Use a wood to sharpen up your chipping

IMG_1806wedgeleadingedgeA common fault I encounter when developing a players chipping action is the over use of the leading edge of the club. The leading edge of the club for those that don’t know is the sharp edge right atthe bottom of the club face.

If that part of the club comes into contact with the ground first it will dig in stopping the club, resulting in a poor contact. The biggest cause of this I feel is in the way people try to approach a chip shot. I often see players hitting down too much on the ball.

The ideal way to strike a chip is to use the sole of the club, skidding it along the floor. The use of the clubs sole allows you to be less accurate with the strike (as no turf is taken) also striking the ball softer with more height as the true loft of the club is in use.

IMG_1808Here’s a great way to practice this, firstly position the ball forwards in line with the heel of your leading foot (as it should be anyway for a chip shot). This ball position allows the club to sweep the ball off the ground far easier.

The most important part of this drill though is the club that’s used to complete it, a fairway wood. The sole of a fairway wood is the largest of any club and will encourage the club to sweep the ball off the floor and not to hit down. The action will resemble much more of a hockey style swing than a downward blow almost like your pushing the ball at the target. First just practice this working on the strike not worry about distance control. Once you have master a nice strike try and hit some shots at a target just appreciating that the ball will do a lot more rolling than anything else. The ball when done correctly will just pop up initially of the ace then roll for the vast majority of the distance.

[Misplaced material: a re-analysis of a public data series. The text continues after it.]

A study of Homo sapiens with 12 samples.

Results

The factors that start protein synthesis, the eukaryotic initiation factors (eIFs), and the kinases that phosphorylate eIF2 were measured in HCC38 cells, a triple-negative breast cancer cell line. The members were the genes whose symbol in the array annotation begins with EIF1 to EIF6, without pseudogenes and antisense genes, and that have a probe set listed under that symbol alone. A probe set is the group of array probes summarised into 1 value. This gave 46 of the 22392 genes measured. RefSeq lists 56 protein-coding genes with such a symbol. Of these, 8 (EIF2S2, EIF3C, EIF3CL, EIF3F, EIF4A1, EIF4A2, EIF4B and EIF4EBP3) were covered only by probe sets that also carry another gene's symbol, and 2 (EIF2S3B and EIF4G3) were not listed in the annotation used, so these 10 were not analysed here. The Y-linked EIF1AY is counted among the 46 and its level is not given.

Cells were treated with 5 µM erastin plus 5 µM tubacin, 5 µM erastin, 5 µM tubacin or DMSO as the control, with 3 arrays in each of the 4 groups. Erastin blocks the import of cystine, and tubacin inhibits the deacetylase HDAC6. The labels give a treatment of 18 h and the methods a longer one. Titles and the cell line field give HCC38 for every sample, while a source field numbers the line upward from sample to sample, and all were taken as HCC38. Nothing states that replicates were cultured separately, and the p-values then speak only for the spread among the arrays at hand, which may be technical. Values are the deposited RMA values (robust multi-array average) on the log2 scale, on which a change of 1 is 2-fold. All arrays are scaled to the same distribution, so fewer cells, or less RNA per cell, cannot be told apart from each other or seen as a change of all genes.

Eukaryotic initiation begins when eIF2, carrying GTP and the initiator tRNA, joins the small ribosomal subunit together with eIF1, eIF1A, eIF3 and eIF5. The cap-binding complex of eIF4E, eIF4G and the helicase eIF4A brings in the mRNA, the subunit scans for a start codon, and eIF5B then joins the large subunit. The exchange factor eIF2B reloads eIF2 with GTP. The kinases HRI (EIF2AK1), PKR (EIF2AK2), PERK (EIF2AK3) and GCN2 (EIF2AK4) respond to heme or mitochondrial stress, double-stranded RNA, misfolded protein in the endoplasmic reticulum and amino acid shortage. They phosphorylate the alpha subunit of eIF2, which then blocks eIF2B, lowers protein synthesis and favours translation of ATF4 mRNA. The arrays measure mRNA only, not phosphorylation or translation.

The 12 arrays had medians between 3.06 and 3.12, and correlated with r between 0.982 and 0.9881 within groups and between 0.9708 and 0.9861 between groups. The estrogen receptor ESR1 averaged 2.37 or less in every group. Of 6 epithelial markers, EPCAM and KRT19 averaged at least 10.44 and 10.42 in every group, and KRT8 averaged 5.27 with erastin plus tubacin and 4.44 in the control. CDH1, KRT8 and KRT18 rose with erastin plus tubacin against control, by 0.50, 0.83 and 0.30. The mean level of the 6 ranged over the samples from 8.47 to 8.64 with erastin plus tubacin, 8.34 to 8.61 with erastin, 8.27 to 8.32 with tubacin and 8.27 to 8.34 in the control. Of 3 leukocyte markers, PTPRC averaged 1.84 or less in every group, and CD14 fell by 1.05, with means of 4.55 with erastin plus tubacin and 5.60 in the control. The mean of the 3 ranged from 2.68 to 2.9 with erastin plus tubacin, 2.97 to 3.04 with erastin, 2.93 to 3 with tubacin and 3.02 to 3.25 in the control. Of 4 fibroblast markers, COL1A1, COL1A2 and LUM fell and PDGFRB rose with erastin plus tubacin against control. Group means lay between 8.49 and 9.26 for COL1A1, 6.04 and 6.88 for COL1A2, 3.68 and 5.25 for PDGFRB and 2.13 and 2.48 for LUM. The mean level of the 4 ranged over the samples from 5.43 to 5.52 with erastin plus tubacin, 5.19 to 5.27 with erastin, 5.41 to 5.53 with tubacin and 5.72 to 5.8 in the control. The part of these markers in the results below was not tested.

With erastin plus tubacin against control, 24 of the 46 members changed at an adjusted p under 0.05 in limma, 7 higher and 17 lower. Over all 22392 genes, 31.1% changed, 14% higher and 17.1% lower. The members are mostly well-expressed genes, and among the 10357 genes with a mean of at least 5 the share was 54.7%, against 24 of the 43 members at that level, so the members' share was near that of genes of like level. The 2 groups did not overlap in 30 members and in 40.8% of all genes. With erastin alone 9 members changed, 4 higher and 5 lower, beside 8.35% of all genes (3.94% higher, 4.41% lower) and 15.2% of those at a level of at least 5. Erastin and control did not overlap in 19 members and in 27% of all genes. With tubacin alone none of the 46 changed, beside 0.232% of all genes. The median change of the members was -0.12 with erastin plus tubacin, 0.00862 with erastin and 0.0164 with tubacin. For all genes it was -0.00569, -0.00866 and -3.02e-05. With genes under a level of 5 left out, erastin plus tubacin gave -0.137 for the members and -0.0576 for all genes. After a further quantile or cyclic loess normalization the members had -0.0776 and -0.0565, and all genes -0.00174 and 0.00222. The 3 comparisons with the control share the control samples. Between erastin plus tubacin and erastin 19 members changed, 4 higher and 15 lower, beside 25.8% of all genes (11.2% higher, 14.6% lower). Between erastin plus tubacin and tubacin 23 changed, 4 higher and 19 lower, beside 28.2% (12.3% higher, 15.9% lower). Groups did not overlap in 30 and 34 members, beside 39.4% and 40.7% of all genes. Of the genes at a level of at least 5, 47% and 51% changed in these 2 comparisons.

The key is not to think of this like a chip at all, approach this task as if you haven’t been given any instructions or preconseptions of what should happen and work out what sort of action (swing) will perform the task the best.

So practice your chipping motion with a wood positioning the ball forwards, then just play your wedges in the same way to see amazing results.